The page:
Scientists at Queen's University Belfast have led worldwide investigations into a mysterious object that passed close to Earth after arriving from deep interstellar space.
Since the object was spotted in October, Professor Alan Fitzsimmons and Dr Michele Bannister from the School of Mathematics and Physics at Queen's University have led an international team of astronomers to piece together a profile of the strange visitor, which has been named `Oumuamua.
The team was made up of researchers from elsewhere in the UK, the US, Canada, Taiwan and Chile and in total seven researchers from Queen's were involved.
Professor Alan Fitzsimmons headed up a team which measured the way that `Oumuamua, reflects sunlight, and found it similar to icy objects covered with a dry crust. This is because `Oumuamua has been exposed to cosmic rays for millions, or even billions, of years, creating an insulating organic-rich layer on its surface.
The research, which has been published this week in Nature Astronomy, suggests that `Oumuamua's dry crust could have protected its icy interior from being vaporised - even though the object was just 23 million miles from our sun in September when it zipped past.
Professor Alan Fitzsimmons commented: "We have discovered that the surface of `Oumuamua is similar to small solar system bodies that are covered in carbon-rich ices, whose structure is modified by exposure to cosmic rays.
"We have also found that a half-metre thick coating of organic-rich material could have protected a water-ice-rich comet-like interior from vaporizing when the object was heated by the sun, even though it was heated to over 300 degrees centigrade."
Dr Michele Bannister and her team observed `Oumuamua while it was still within reach of the largest telescopes in the world and their findings are being published in Astrophysical Journal Letters later this month. They found the object was the same colour as some of the icy minor planets they had been studying in the outskirts of our solar system. This implies that different planetary systems in our galaxy contain minor planets like our own.
Working together, the researchers have been able to uncover some very important facts about `Oumuamua.
Dr Michele Bannister said: "We've discovered that this is a planetesimal with a well-baked crust that looks a lot like the tiniest worlds in the outer regions of our solar system, has a greyish/red surface and is highly elongated, probably about the size and shape of the Gherkin skyscraper in London.
"It's fascinating that the first interstellar object discovered looks so much like a tiny world from our own home system. This suggests that the way our planets and asteroids formed has a lot of kinship to the systems around other stars."
She added: "We are continuing our research into `Oumuamua and are hopeful that we will make more discoveries in the near future. Discoveries like this really help to give a little more insight into what's out there and encourages people to look up and wonder."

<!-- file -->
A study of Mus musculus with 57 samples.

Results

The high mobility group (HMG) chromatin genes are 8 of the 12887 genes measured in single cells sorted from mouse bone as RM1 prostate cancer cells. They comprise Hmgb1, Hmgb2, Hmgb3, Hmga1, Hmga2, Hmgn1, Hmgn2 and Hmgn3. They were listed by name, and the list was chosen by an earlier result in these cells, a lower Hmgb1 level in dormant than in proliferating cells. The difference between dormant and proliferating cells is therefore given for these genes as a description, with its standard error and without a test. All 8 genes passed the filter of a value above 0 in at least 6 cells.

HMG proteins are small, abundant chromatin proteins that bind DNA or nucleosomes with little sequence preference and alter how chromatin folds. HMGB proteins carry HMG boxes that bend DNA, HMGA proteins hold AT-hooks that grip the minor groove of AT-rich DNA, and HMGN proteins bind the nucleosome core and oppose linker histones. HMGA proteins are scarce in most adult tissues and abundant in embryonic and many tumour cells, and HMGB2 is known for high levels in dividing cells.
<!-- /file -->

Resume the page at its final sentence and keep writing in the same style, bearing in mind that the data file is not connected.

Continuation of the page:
ʻOumuamua has a heart of ice
Spectroscopy reveals a thick organic layer coating the mysterious intruder from beyond the solar system.
ʻOumuamua, the interstellar object that penetrated the solar system and was first noted in October 2017, is coated in a thick insulating layer of organic-rich material, according to a paper published in the journal Nature Astronomy.
The paper, written by a team headed by astrophysicist Alan Fitzsimmons from Queens University Belfast in the UK, challenges the assumption – made by NASA scientists in November – that the object comprises rock and possibly metal, with no water or ice component.
The research by Fitzsimmons and his colleagues suggests that ʻOumuamua may indeed be made of ice, but was insulated enough by the outer organic layer to pass relatively close to the sun without being vaporised.
After ʻOumuamua – formally known as 1I/2017 U1 – was discovered, Fitzsimmons’ team used two facilities to conduct a spectroscopic analysis of the object. Readings were taken using the 4.2m William Herschel Telescope (WHT) on La Palma, and the European Southern Observatory 8.2m Very Large Telescope (VLT) in Chile.
The results came up negative for tell-tale mineral traces, with the scientists finding no evidence that the object contained silicates, pyroxines or olivines.
The data revealed that the composition of ʻOumuamua was quite similar to a class of asteroids known as D-types.
Like these, and some other objects detected in the Oort and Kuiper belts, ʻOumuamua was observed to be red in colour. This hue, which varied across the 200-metre length of the object, is thought to be the result of cosmic irradiation of carbon-rich ices.
The irradiation process, the researchers suggest, gave rise of the object’s thick insulating layer, which protected its internal ice-core from being damaged during its journey past the sun.
Fitzsimmons and colleagues calculated that although the outer surface of ʻOumuamua likely reached about 600 degrees Kelvin during its passage past the sun, an insulating layer just 30 centimetres thick would have been enough to stop the ice below it melting. The team also calculated that the being made of ice would still provide enough internal strength to prevent the object fracturing as it rotates on its own axis.
However, the scientists concede “one obvious problem” with their model. Many more Oort belt icy comets should have developed similar protective layers than current observations indicate.
The astrophysicists suggest one possible explanation: ʻOumuamua may have experienced many close encounters with its host star – causing the comparatively rapid formation of an organic layer – before it was cast out and sent speeding towards our own.